I have been kneeding bread — on my knees if need be :-) for years now.  Wonderful breads like fresh dill and minced onion, columbian honey bread and cheesy herb.  In my cookbook I have recipes for whole grain spelt bagels and an assortment of muffins and waffles that are wholesome and a knotch above the sugar loaded and preservative laden “foods” we find in the mega-marts.  But in all my years of crafting the perfect whole grain spelt bread I have always “cheated” … in that I used store bought rapid rise dry yeast.  But at almost $8 for a four ounce jar these little beasties can be an expensive ingrediant in my recipe.

So this week (ok last week, because it takes that long) I decided to make my own wild yeast culture!  I realize that people have been doing this for over 4000 years but for me this was a completely new adventure.  So I did what any high-tech homebaker would do … I Googled it.  There are thousands of recipes for how to grow your own bread starter.  Some use fermentation of grapes or pinapple and some even use COMMERCIAL YEAST as one of the ingredients!  But the basic recipes … for the purists out there who consider kneeding bread a sacred art … call for only TWO INGREDIENTS:  Water and Flour.

Apparently these yeasts live in the air, all around us … all the time!  Who knew?!  It is the ultimate field of dreams … build it and they will come.  So last Tuesday I set out to make my first sourdough starter!  Ok, I actually started on Monday, but my unlabeled goop in the glass bowl got tossed down the sink by my child who was on kitchen duty that night.  Can’t blame her … who would keep pancake batter in a glass bowl out in the open?

For my basic whole grain spelt sourdough starter I used:

  • 1 ½ cups Whole Grain Spelt Flour
  • 1  ½ cups Filtered Water
  • 1 tsp Honey

(I’m not sure why I decided on using the honey.  I saw many recipes that only used water and flour … but somehow the thought of adding honey and its anti-microbial qualities just seemed like a nice idea for something that would be sitting out for the next 6 days!  Yikes.  We don’t leave food out that long unless it is hiding under the clutter in my teenagers room.  Oh, don’t go and groan — it seems to be right of passage or perhaps payback for all the gum we put under our desks back in the day.  But back to the yeast!  You place the three ingredients in a very clean (not from your teenager’s room) glass container and mix very well until you have something that looks like a thin pancake batter.  Cover with a tight fitting lid and wait.

You will want to stir your starter 2-4 times a day as it will separate and you also want a chance to bring in more fresh air (loaded with these invisible wild yeast) into your brew.  Working with whole wheat flour (and Spelt is a whole wheat grain) you will want to make sure that your starter does not go rancid while you are waiting for the culture to flourish.  It should have a light and pleasant sour smell not a foul harsh odor.  You will keep stirring your starter a few times a day for the next SIX DAYS.  Unlike some recipes that call for feeding your colony every day by adding more flour and water, this method does not add any additional ingredients during the culture.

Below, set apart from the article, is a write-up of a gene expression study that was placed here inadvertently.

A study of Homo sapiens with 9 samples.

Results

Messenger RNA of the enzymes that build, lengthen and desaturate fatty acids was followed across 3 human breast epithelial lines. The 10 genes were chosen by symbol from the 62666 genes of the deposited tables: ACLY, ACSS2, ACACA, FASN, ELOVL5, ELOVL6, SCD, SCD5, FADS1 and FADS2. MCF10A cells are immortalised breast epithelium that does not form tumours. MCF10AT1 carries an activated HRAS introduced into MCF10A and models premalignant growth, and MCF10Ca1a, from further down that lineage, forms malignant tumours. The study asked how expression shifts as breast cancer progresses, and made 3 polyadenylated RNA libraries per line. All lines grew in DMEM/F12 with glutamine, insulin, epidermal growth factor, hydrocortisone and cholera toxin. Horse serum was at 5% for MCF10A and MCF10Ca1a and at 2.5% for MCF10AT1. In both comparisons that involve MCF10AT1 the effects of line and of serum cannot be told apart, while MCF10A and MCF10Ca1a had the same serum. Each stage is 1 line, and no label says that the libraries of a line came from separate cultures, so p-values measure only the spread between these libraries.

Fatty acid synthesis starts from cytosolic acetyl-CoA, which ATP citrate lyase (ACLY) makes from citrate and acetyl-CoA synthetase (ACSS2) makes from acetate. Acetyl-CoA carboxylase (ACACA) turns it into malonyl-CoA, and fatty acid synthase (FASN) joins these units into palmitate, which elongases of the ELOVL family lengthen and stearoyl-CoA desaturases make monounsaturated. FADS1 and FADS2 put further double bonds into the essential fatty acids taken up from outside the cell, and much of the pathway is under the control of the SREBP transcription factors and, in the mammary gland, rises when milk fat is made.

By day 6 you should notice little bubbles in your batter and a distinct sour dough smell.  Let the baking begin!!

Unlike store bought rapid rise dry yeast which you can usually just add to your flour and kneed directly … you will need to PROOF your starter before adding it to your recipe.  This is the step that bakers call creating the sponge.  To make the sponge, take your active sourdough starter and place it in a large glass bowl and add 1 cup of spelt flour and 1 cup of warm filtered water (not hot, or you will kill the yeast colony that you just spent the last 6 days cultivating.)  Mix well again so that you have no lumps then let this sit in a warm place.  I like to use my oven with the light on.

The longer you let your starter proof, the stronger the sour dough flavor will be in your baked bread.  When you see a frothy bubbly mixture on the top of your sponge then you know the yeast is ready to be added to your recipe.  For my first attempt today, I let the yeast culture proof for four hours.   The result was a mild sour dough flavor that was wonderful and subtle.  Next time I will let one proof overnight and see how that compares.

To make your bread add one cup of the yeast sponge to your recipe and then take the remainder of the starter and place it in a glass jar with a vented lid in your refrigerator.  If you bake bread every week, you won’t need to concern yourself with feeding your starter.  You merely repeat the steps above … take the starter out of the jar, add 1 cup water and flour and let the batter proof in an open glass bowl for a few hours … use one cup for your recipe and put the rest back into a new sterile glass jar with a vented lid.

Later I will post some recipes that use the wild yeast sourdough starter.  Admittedly my first attempt still needs some tweaking.  In my case, I should have added more flour and created a stiffer dough.  The yeast in my culture over powered my soft dough and it did spill over the edge of the clay loaf pan on its second rise.  However the flavor was amazing and my dinner table of five tonight managed to eat all but two slices of the maiden loaf, along with a lovely home made lentil soup and fresh salad with warm garlic dressing.  Yum!

I realize it is not common for a woman to be so excited about yeast, but I feel like I have joined some secret society of underground bakers — or underground brewers I suppose.  Tonight my little yeast colony is spending their first night in the fridge, and I am going to be dreaming up new ways to incorporate them into brand new homemade memories.